Women's deficit in the "good jobs" market is biggest in South Asia
WASHINGTON, D.C. -- In every region of the world, men surpass women when it comes to having a "good job" -- that is, full-time work for an employer, or what Gallup refers to as the Payroll to Population (P2P) employment rate. Worldwide, the P2P employment rate for men is 34%; it is 18% for women.
Across all regions, women's deficit in the good jobs market is biggest in South Asia, where their P2P rate lags men's by 26 percentage points. The good jobs gender gap that Gallup finds in South Asia aligns with recent data from the International Labour Organization (ILO). A 2012 ILO report on women's employment in the aftermath of the global economic crisis finds that South Asia's "already massive gender gap in the employment-to-population ratio" has increased. Further, the ILO says that the increase was accompanied by a "fall of 3 million female jobs, caused both by weakening female-dominated sectors like garments and by demographic change."
Women's deficit in good jobs is smallest, at seven points, in sub-Saharan Africa, but P2P rates are also among the lowest in the world for women and men in this region. P2P rates are also relatively low for both genders in the Middle East and North Africa (MENA) and in Southeast Asia, but the deficits for women are much larger in these regions. P2P rates are highest for men and women in Northern America and non-European Union parts of Europe (Iceland, Norway, Switzerland, and Northern Cyprus), but gender gaps are wide in these regions as well.
Globally, the P2P rate dropped to 26% in 2012, with similar declines observed among men and women.
Gender Gap Widest in the Workforce in Northern America, Parts of Europe
Gallup's P2P metric estimates the percentage of the adult population aged 15 and older who are employed full time for an employer for at least 30 hours per week. The P2P rate is the percentage of the entire adult population with good jobs, not just those who are in the workforce. In many countries, though, women are more likely to choose to not participate in the workforce for various cultural or political reasons. Thus, it is also important to look at full-time employment among just those in the workforce.
When it comes to just those who are in the workforce, women lag behind men most in full-time employment in parts of Europe and Northern America. Full-time employment is more equal among men and women in South Asia, the Balkans, and the Commonwealth of Independent States.
However, even though women's full-time employment trails men's most in Northern America and in non-EU European nations, those two regions are among the top three where women are most likely to be in the workforce. Women are least likely to be in the workforce in South Asia and MENA, with fewer than one in four participating.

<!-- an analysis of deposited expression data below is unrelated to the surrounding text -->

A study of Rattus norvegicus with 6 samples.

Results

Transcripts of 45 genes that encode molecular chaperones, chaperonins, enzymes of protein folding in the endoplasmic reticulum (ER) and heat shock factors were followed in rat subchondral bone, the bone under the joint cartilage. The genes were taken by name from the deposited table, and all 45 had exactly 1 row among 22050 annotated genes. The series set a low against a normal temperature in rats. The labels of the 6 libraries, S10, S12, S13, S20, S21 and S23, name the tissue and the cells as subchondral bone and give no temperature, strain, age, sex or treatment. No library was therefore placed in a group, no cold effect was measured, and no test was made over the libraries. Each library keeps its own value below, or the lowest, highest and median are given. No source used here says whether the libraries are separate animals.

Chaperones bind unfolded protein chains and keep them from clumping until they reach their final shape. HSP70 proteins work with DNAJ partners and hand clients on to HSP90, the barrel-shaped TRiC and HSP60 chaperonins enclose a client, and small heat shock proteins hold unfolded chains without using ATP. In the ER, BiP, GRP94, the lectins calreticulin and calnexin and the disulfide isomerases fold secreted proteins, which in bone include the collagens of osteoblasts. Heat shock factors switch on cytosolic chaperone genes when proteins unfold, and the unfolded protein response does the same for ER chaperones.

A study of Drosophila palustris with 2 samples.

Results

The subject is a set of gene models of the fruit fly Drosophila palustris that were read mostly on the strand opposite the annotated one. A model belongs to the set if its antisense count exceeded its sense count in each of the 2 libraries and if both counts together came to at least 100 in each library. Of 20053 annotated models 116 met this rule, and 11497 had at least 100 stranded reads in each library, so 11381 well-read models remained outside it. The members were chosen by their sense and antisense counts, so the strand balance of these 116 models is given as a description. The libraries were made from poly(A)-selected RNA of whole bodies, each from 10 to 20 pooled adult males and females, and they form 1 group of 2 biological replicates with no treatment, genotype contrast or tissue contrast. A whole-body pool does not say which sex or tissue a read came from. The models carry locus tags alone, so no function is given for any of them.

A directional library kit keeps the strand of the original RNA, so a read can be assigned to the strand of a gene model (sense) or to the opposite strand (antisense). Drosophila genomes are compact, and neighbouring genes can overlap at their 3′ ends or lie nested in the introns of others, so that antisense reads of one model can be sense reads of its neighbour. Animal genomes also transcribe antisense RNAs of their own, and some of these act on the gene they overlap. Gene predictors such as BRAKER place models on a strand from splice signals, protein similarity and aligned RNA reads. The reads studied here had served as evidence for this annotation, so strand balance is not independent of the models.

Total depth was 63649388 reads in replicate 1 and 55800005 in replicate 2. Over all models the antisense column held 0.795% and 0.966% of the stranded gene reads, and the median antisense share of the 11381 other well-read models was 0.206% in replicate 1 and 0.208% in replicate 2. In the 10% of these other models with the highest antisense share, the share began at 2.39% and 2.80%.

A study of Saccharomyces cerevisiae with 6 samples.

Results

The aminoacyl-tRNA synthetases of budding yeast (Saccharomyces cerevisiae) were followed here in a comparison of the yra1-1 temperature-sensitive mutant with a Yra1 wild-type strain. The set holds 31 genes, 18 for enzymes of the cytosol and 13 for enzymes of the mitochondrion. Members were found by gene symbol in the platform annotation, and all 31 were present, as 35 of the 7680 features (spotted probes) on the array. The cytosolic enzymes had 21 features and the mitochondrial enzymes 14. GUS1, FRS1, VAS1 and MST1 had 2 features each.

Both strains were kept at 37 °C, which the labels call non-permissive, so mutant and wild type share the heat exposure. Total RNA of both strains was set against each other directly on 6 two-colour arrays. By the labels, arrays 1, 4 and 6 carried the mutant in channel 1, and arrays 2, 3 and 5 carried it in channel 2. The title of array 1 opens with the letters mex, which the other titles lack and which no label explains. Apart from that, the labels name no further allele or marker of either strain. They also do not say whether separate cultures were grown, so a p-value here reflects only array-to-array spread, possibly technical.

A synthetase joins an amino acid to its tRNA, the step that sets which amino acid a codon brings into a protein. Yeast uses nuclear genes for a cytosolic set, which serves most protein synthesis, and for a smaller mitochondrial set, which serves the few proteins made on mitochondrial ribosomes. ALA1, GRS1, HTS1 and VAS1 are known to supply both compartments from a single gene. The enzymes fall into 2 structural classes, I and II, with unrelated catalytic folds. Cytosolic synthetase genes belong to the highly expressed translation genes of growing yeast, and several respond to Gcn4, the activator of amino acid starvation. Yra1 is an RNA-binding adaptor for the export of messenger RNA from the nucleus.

And, it is these same places -- MENA and South Asia -- where women also lead men most in unemployment. The unemployment gap is worst in MENA, where women are more than twice as likely to be unemployed. There is also a smaller gender unemployment gap in Latin America and sub-Saharan Africa. There is no gender difference -- or close to no difference -- in unemployment in most other regions of the world.
Globally, full-time employment for an employer sits at 26% -- but it is even lower for the world's women, who lag far behind the percentage of men who have a "good job." The gender gap in full-time employment for an employer (out of the entire population) is worst in South Asia and in non-EU European countries, with more than 20 percentage points separating men from women. That the gaps come from two economically and culturally different regions demonstrates how complex the "employment and gender" issue is. Women may not be working in full-time jobs for an employer because of cultural norms, or in the case of many women in developed countries, they may choose to find part-time employment.
Alternatively, examining just women in the workforce highlights regions of the world where opportunities are limited for women who do want to be working. The gender gaps in unemployment rates in MENA and South Asia are the largest in the world. Interestingly, these same regions have the lowest percentage of women participating in the workforce. Gallup's data seem to indicate that for women in societies where cultural norms dictate that women stay home, there may be many barriers for women who do want to find a place in the workforce.
For more complete methodology and specific survey dates, please review Gallup's Country Data Set details.